Politics

WSJ Editor Tells Reporters Who Don’t Like Objective Trump Coverage To Leave The Paper

Wall Street Journal editor in chief Gerard Baker told his reporters Monday the paper would not abandon objectivity in its coverage of President Donald Trump, and directed them to find work somewhere else if they want to adopt a more oppositional tone.

“It’s a little irritating when I read that we have been soft on Donald Trump,” he told his reporters and editors, a source at the newsroom meeting told The New York Times. Baker held the meeting ostensibly to have a casual conversation on the editorial direction of the paper, but it was held on the heels of reports the newsroom is in turmoil over the Trump coverage.

The Trump coverage is “neutral to the point of being absurd,” one source inside the newsroom recently told Politico. Criticism peaked when Baker sent a memo to staff instructing reporters and editors to tone down the use of “loaded” language in coverage of Trump’s immigration ban. (RELATED: WSJ Reporters Complain The Paper Won’t Join In Trump Circus)

Baker strongly defended his paper’s coverage as objective in the meeting, going so far as to read from a list of past WSJ headlines compiled to refute the criticism. He suggested it is other outlets such as The New York Times that have abandoned fair reporting standards and objectivity — not The Wall Street Journal — and that those standards aren’t going anywhere.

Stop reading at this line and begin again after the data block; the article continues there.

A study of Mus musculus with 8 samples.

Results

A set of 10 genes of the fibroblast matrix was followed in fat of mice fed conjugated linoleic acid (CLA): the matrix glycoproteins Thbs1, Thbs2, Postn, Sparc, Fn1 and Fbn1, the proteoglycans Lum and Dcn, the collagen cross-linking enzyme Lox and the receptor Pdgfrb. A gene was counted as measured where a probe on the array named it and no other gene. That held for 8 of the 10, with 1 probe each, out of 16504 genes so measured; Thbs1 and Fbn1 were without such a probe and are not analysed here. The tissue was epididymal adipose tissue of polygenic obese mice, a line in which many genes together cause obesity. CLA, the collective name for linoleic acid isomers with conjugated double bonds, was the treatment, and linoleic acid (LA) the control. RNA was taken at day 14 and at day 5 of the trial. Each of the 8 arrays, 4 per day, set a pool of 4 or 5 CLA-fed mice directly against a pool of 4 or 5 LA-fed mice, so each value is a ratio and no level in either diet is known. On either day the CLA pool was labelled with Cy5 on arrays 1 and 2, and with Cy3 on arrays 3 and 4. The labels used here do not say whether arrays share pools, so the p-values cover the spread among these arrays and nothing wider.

Reporters who don’t like that, he said, might want to find work somewhere else.

Some journalists at other outlets have openly criticized the idea of treating Trump and his former Democrat opponent Hillary Clinton equally in the press. In an amazing justification of this kind of blatant bias, New York Times columnist Jim Rutenberg described the thinking behind this new “norm” of objectivity.

“If you view a Trump presidency as something that’s potentially dangerous, then your reporting is going to reflect that,” he wrote. “You would move closer than you’ve ever been to being oppositional. That’s uncomfortable and uncharted territory for every mainstream, nonopinion journalist I’ve ever known, and by normal standards, untenable.”